NEW YORK (AP) — George E. Bria, the Associated Press newsman who flashed word of the German surrender in Italy at World War II's end and went on to become chief U.N. correspondent, a key news editor and a widely published gardening columnist, died Saturday. He was 101.
Bria died at a New York hospital after his health had declined for a time, said his daughter, Judy Storey.
As a young reporter, Bria bore witness to Benito Mussolini's death and covered the Nuremberg war crimes trials. Later, as a senior foreign news editor at AP's New York headquarters, he helped define and shape the day's news and prepare generations of journalists to cover the world.
"George Bria was a multitalented journalist of many interests, a dedicated professional of the old school who exemplified the best of the AP during a long, distinguished career," said AP Executive Editor Sally Buzbee.
Reared in Waterbury, Connecticut, by Italian immigrant parents, Bria set his sights on becoming a foreign correspondent after earning degrees from Amherst and Middlebury colleges. He learned the reporter's trade in four years at the Waterbury Democrat and Hartford Courant newspapers.
He was hired by AP's Boston bureau in November 1942, and had barely arrived on the job when he was awakened one midnight to help cover the Cocoanut Grove nightclub fire, which took 492 lives.
In May 1944, the news agency sent the Italian- and French-speaking Bria to the European war zone. He landed in his native Rome one week behind the conquering Allied armies, and during the coming months wrote daily dispatches on Allied advances up the Italian peninsula.
In late April 1945, he flew to Milan to report on one of the war's climactic episodes — Mussolini's summary execution — writing a firsthand account of being ushered into a makeshift morgue to view the naked body of the toppled Italian dictator.
Back in Rome on May 2, he reported to the world that the German armies in northern Italy and part of Austria had surrendered. Five days later, the remaining Nazi forces in Europe capitulated.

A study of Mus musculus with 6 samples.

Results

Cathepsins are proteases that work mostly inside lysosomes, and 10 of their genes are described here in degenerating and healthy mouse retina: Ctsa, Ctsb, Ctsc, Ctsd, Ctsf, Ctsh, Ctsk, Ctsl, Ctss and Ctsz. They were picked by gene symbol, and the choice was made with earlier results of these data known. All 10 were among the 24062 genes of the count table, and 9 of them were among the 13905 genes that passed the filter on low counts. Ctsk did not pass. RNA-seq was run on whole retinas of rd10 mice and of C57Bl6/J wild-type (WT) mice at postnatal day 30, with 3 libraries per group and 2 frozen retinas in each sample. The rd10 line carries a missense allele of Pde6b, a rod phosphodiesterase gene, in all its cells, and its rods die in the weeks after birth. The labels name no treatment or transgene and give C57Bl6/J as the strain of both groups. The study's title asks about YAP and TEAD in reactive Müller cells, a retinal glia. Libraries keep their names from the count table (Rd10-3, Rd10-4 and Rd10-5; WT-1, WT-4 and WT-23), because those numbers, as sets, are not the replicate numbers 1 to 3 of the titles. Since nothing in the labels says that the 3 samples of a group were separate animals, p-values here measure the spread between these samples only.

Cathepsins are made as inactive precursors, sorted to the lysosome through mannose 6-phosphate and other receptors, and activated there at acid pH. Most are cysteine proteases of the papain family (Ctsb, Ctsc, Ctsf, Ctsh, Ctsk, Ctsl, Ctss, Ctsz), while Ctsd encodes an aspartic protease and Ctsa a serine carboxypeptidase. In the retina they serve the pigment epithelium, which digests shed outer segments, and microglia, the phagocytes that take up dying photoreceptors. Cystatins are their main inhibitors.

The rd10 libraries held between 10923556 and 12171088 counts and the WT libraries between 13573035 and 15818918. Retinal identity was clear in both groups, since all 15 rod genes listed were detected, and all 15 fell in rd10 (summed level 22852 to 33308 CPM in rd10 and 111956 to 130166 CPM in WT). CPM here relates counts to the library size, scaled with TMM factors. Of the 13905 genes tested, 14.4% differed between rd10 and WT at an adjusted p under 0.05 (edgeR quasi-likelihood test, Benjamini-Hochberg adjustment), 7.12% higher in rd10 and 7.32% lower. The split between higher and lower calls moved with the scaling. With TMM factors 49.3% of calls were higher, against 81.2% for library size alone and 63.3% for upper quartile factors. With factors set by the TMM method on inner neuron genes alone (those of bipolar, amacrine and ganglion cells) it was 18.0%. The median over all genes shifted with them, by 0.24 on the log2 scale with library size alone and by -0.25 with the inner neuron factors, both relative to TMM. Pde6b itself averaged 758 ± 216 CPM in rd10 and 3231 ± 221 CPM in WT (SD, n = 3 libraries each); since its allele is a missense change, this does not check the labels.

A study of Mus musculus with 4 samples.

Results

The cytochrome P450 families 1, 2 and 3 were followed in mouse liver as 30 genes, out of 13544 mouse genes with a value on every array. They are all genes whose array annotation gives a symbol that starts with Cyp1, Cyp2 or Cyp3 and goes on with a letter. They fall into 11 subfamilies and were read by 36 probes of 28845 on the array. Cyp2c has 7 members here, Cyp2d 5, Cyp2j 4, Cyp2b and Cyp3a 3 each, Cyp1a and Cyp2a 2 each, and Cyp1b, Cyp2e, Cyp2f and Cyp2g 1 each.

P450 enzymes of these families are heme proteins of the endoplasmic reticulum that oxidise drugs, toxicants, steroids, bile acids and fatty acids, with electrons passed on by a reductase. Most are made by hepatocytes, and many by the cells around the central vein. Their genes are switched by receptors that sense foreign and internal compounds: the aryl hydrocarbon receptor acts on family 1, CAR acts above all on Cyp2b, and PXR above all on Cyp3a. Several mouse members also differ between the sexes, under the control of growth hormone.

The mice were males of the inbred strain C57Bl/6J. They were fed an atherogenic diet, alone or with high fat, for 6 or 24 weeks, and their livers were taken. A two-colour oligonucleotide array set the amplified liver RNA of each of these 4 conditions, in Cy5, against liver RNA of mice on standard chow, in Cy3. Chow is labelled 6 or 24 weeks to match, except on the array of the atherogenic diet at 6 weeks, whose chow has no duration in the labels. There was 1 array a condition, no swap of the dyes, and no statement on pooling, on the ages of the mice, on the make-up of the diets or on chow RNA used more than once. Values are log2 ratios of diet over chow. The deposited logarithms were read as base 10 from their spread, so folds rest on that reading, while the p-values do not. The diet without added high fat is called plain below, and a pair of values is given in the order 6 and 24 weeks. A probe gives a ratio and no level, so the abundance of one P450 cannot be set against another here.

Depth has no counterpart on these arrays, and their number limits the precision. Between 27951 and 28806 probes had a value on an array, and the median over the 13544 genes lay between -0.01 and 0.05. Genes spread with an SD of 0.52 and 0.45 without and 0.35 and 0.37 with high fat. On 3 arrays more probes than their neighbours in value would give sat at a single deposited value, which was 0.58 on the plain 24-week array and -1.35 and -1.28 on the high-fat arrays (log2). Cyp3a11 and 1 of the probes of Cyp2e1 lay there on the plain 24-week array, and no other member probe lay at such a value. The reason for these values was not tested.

Bria later joined the AP's postwar staff in Germany, helping cover the Nuremberg trials of Nazi generals and the Berlin airlift of 1948-49, flying to the Soviet-blockaded city aboard U.S. supply planes. "The huge armada filled Berlin's skies with an endless roar," he wrote.
After stints back in Rome and as an AP New York broadcast writer, Bria rejoined the foreign desk in 1961, eventually moving into the pressure-filled job of day supervisory editor, an arbiter of news going to America's morning newspapers and evening broadcasters, at a time of war and upheaval in Vietnam, the Middle East and elsewhere.
His junior rewrite editors — future foreign correspondents — drew on his experience, judgment and newswriting guidance.
"George was a great editor," recalled Victor L. Simpson, who went on to become AP bureau chief in Rome. "He taught me to read my copy out loud. If it sounded good, you should go with it."
He also was a master of brevity. "The D-Day landings could be reported in 400 words," he would gently admonish subordinates.
In 1972-74, midway through two decades as editor, he served as chief correspondent at the United Nations in New York, covering the diplomatic repercussions of Arab-Israeli war and African turmoil.
Bria retired in 1981 to the 8-acre estate in suburban Westchester County, New York, where he had long lived with his first wife, Mary, and where two longtime avocations — gardening and tennis — became daily passions.
From asparagus to zucchini, his bumper vegetable crops and Mary's flowers proved to be grist for 200 gardening columns written for the AP from 1989 to 2002, tersely elegant reflections on the gardener's life, blending technical advice with plant lore and dollops of Bria erudition and humor.
On the tennis courts, he played almost daily well into his 90s and competed creditably in national over-85 tournaments.
Mary Bria died in 1998. In addition to his daughter, of Columbia, Maryland, George Bria is survived by his second wife, Arlette Philippous Brauer, son John Bria of Pound Ridge, New York, two grandchildren and five great-grandchildren.
In addition, as he once wrote in a column, "Why shouldn't an obit mention, among the list of survivors, 'He left his much-loved vegetable garden'?"
Material in this story was written by former AP special correspondent Charles J. Hanley.